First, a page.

Table of Contents
Following are the chapter headers as they appear in the Table of Contents for Google Your Family Tree. The 352-page text includes numerous screen shots, tables, and other diagrams that combine to make this a must-have book for every family historian — hobbiest or professional.
- Foreword by Paul Allen
- Introduction by Dan Lynch
- Chapter 1 — Search Engine Basics
- Chapter 2 — Interpreting Web Search Results
- Chapter 3 — Advanced Search Techniques
- Chapter 4 — Language Tools
- Chapter 5 — Google Books
- Chapter 6 — Google News Archive
- Chapter 7 — Blog Search
- Chapter 8 — Images & Video
- Chapter 9 — Google Alerts
- Chapter 10 — Google Maps
- Chapter 11 — Google Earth
- Chapter 12 — Google Notebook
- Chapter 13 — The Google Toolbar & Google Chrome
- Chapter 14 — Other Tips & Tricks
- Appendix A — Getting Started in Genealogy
- Appendix B — Top Sites for Genealogists
- Appendix C — Other Internet Search Engines
- Appendix D — Web Search Engine Defined
- Appendix E — Syntax Summary & Quick Reference
Foreword by Paul Allen, FUGA
Chief Executive Officer of FamilyLink.com, Inc. and co-founder of Ancestry.com
Google is the world's leading search engine. And it is most likely the world's leading genealogy search engine. With hundreds of millions of users in more than 160 countries searching more than 20 billion documents, countless individuals have searched for their own name, or for their family names, or for individuals in their family tree.
But until now, there has not been a book written with the sole purpose of helping family historians use Google to discover their family tree. Google Your Family Tree is the right book, describing the right search engine, written by the right author, and released at the right time. I think it has the potential to help millions of family history researchers become more successful online.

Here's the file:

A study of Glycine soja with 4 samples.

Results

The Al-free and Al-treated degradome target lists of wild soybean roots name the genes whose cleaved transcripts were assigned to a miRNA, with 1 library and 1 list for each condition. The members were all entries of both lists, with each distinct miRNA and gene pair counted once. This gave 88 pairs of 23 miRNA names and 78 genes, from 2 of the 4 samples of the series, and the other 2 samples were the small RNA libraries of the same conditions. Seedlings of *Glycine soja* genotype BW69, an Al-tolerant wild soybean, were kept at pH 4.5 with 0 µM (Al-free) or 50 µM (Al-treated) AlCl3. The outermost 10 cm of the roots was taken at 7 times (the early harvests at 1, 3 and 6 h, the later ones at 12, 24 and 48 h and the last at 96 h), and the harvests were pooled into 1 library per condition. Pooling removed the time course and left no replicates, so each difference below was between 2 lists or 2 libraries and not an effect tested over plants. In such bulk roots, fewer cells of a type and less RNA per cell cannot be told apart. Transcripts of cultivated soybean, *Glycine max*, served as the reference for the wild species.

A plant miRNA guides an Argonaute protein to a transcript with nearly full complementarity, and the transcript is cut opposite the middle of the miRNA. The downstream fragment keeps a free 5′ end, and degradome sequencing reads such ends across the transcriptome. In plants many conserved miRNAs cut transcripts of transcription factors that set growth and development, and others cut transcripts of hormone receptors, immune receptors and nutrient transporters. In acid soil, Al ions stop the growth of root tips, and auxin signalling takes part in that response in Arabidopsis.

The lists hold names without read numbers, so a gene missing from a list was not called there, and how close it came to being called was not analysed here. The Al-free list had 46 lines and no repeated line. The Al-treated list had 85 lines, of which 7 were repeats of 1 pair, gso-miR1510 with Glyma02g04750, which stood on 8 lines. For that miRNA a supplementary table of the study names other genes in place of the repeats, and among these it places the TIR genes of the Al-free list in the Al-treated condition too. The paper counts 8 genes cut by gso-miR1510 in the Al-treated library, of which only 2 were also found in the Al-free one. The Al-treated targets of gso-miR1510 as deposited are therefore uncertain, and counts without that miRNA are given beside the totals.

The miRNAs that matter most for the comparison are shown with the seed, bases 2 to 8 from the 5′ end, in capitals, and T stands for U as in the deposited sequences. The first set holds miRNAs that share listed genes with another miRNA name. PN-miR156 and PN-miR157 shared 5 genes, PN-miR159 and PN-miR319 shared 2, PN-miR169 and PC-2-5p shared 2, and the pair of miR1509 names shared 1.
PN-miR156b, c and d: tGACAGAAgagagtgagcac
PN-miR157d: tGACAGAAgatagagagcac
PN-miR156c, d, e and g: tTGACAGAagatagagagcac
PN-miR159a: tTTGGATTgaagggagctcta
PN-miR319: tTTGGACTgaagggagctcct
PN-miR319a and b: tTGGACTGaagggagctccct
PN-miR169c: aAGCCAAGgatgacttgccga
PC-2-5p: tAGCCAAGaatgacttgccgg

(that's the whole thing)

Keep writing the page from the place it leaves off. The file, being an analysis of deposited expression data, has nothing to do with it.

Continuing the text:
I first met Dan Lynch in March 1998 while I was CEO of a (then) small startup company called Ancestry.com. Our website was quickly becoming the most popular genealogy website in the world. Dan expressed interest in what we were doing, and with his tremendous background in direct marketing and his clear passion for genealogy he was a great fit. After several meetings, during which Dan demonstrated the depth and breadth of his understanding of the genealogy community, he accepted a position with Ancestry.com as vice president of business development. I had the privilege of working closely with Dan for the next few years.
Since leaving Ancestry in 2001, Dan has worked as a consultant with such organizations as The Statue of Liberty-Ellis Island Foundation and FindMyPast.com (UK), has appeared on national and local television several times, and has been published in many leading genealogy publications. He has become a top online affiliate for major genealogy companies, and his website, 1930census.com, ranks No. 1 on Google, Yahoo!, and MSN (Live.com) for the phrase "1930 census". When he told me he was writing this book, my instincts told me this had the potential to be the best-selling genealogy book of all time. I thought it might outsell the very popular Netting Your Ancestors by the well-known Cyndi Howells, and perhaps in a few years, even catch up to Genealogical Helper by Everton Publishers, which has sold 1.2 milion copies in 11 editions, over a 50-year period.
As an internet entrepreneur since 1995, and knowing what I do about search engines and genealogy, I didn't expect to learn anything new when I read the manuscript cover to cover. But Dan delivered. I found myself several times shaking my head in disbelief that I've used Google since 1999 and didn't know several of the keys to successful research, from date range searches to historic newspaper archives to advanced wildcard searches. This book will help you understand some of the most powerful and sometimes hidden features of the world's best search engine by teaching you the simple commands and approaches that unlock this power.
And, that is the magic of this book. It takes one of the most common Internet experiences—a Google search—and puts it in a new light, making it seem brand new. I vouch for its usefulness for both the serious web searcher as well as someone that is new to the world of Google.